I have an upcoming quantitative trading interview (prop desk at a large bank), and I would like to have some good questions to ask about the group. However, I am changing fields from academia and I do not have a good idea about what sort of things I should be looking for, and what questions would 1) probe my fit with the group/firm and 2) give me a better idea of how they work.

Here are two suggestions I have received so far, which illustrate the type of questions I would be looking for:

What markets do you operate in?

What is your Sharpe ratio?

In addition to the question, a brief explanation of how to interpret the group's answer to the question would be appreciated. What does operating in one market tell me? Many markets? An example answer featuring a question/explanation would be

What is your Sharpe ratio? - A high ratio tells you ... Avoid groups with low ratios because ...

One question/explanation per answer, please. Feel free to use the examples I've given, as I am unsure of how to interpret the responses.

  • 1
    $\begingroup$ Moderators: if you feel this is off-topic, please read the discussion at meta.quant.stackexchange.com/questions/182/interview-questions before voting to close. $\endgroup$ – James Davidoff Sep 15 '11 at 18:21
  • $\begingroup$ Moderators: Since the purpose here is to deduce the best set of questions, with one question per answer, a community wiki designation may be appropriate. $\endgroup$ – Tal Fishman Sep 15 '11 at 18:29

Asking questions like "what is your sharpe ratio" is, IMO, not a good idea. Ask questions that demonstrate your interest in making their firm a success.

  1. What markets do you trade? (you listed this one)
  2. Describe the firm's high-level process for taking an idea, developing a model, and moving it into production.
  3. What constraints do you place on new models?
  4. How do you monitor and manage model-specific and firm-wide risk?
  5. What types of models will I be prohibited from developing? For example, am I free to construct a model that holds positions for 100+ days? What about a pure intraday model?
  6. Describe the tool set or framework that your quants use to develop models.
  7. Are there resources available to develop new tools for internal use to make quants more productive?
  8. How are your quants organized within the organization? Are they encouraged to collaborate or are they competing with one another (whether directly or, indirectly for mind share and resources from other support teams).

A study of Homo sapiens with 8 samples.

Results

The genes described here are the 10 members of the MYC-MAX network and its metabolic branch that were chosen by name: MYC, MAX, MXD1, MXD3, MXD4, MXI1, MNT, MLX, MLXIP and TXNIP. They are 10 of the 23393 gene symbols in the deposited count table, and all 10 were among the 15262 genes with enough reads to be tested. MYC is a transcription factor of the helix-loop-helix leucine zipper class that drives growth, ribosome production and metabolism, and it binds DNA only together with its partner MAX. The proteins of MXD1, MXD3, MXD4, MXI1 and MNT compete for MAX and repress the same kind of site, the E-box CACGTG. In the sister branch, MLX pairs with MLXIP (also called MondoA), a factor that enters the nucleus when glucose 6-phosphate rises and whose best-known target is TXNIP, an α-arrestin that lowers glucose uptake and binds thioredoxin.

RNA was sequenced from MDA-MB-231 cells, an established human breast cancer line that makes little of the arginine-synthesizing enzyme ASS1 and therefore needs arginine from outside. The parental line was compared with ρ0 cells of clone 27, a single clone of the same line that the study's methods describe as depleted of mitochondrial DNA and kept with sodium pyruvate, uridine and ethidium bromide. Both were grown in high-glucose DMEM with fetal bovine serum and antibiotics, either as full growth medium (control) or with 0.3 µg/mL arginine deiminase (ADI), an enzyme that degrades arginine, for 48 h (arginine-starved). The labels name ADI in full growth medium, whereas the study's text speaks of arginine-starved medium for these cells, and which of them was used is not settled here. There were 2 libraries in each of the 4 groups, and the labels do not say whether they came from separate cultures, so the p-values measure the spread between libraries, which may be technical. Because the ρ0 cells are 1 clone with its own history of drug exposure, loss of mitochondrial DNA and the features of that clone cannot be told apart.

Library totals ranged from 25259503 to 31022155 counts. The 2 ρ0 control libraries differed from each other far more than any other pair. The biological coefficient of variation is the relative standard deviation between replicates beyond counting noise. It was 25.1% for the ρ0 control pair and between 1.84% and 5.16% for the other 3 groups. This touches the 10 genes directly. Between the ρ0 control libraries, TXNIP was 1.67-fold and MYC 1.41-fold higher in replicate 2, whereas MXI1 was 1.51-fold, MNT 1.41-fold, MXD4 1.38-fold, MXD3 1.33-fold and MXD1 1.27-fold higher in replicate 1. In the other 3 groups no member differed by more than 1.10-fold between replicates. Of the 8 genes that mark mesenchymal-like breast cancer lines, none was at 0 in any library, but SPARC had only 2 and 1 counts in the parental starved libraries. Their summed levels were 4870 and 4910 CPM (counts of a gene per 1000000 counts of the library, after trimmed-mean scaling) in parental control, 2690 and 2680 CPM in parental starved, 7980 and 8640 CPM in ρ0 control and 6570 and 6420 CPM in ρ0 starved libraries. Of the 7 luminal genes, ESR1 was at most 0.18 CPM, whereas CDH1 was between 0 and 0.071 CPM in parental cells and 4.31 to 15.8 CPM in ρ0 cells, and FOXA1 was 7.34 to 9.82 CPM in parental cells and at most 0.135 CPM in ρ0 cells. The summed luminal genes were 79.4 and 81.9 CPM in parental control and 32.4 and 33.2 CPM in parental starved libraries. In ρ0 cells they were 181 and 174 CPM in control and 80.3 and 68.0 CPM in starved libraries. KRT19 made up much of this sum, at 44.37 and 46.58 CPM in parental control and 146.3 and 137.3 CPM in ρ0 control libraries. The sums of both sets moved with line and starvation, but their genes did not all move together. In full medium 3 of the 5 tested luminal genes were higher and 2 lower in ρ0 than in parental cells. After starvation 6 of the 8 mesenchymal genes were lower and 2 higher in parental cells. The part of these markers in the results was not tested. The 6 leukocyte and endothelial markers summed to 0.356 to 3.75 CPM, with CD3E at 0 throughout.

Questions that show you're interested in deducing whether you can be a success are much more interesting to the interview than questions that might be perceived as you measuring them to some arbitrary yard stick to see if its worth your while to join.

  • 1
    $\begingroup$ Yes, asking about Sharpe ratios seemed to me to be like asking 'are you good at your job?'. #2 is great, and the phrasing of 'deducing whether you can be a success' is exactly what I've been trying to put to words! $\endgroup$ – James Davidoff Sep 15 '11 at 18:46
  • $\begingroup$ Could you explain what answers to #1 would tell me about the group? $\endgroup$ – James Davidoff Sep 15 '11 at 20:51
  • $\begingroup$ Mostly whether you're interested in what they trade. If you're a big energy futures guy joining an equities focused firm might not be the best idea. Unless the firm is super secretive you probably know the answer to this question before you get in there. $\endgroup$ – Louis Marascio Sep 16 '11 at 1:25

You want to know about their recent staff turnover and hiring rates.

You want to be at a place that is both stable and growing slowly, and doesn't hire and fire employees (overlapping but distinct criteria).

On the first point, I would avoid new and fast growth firms unless you don't mind being fired in a year since you were hired liberally and the growth has slowed. HFT firms tend to start strong (often because the founders adopted strategies from their previous research/employers), then experience reduced profitability because the research isn't producing what's needed to keep going, or they can't compete with bigger firms continued investments into new tech. There is actual academic evidence for this effect (can't find the paper now) and it is well known in industry that it is very hard to get a HFT firm running for the long-term.

The exception could be if you are actually very very good then you can make it big if you are a key player in such a firm in its growth stage.

On the second point, you want to be one of the very few candidates that has been offered a job in the last 6 months, while also requiring that the firm is quite profitable. This shows they are willing to invest in you instead of hire you and let you go as soon as they see you're not in the top 20% of the distribution of capability that they assigned to you throughout the interview process. Your capability is a random variable from their perspective and it is not uncommon to try a candidate to see if the realisation of this random variable is in the upper end of the distribution originally assigned to the candidate - if not, you may just be gone after a short stint.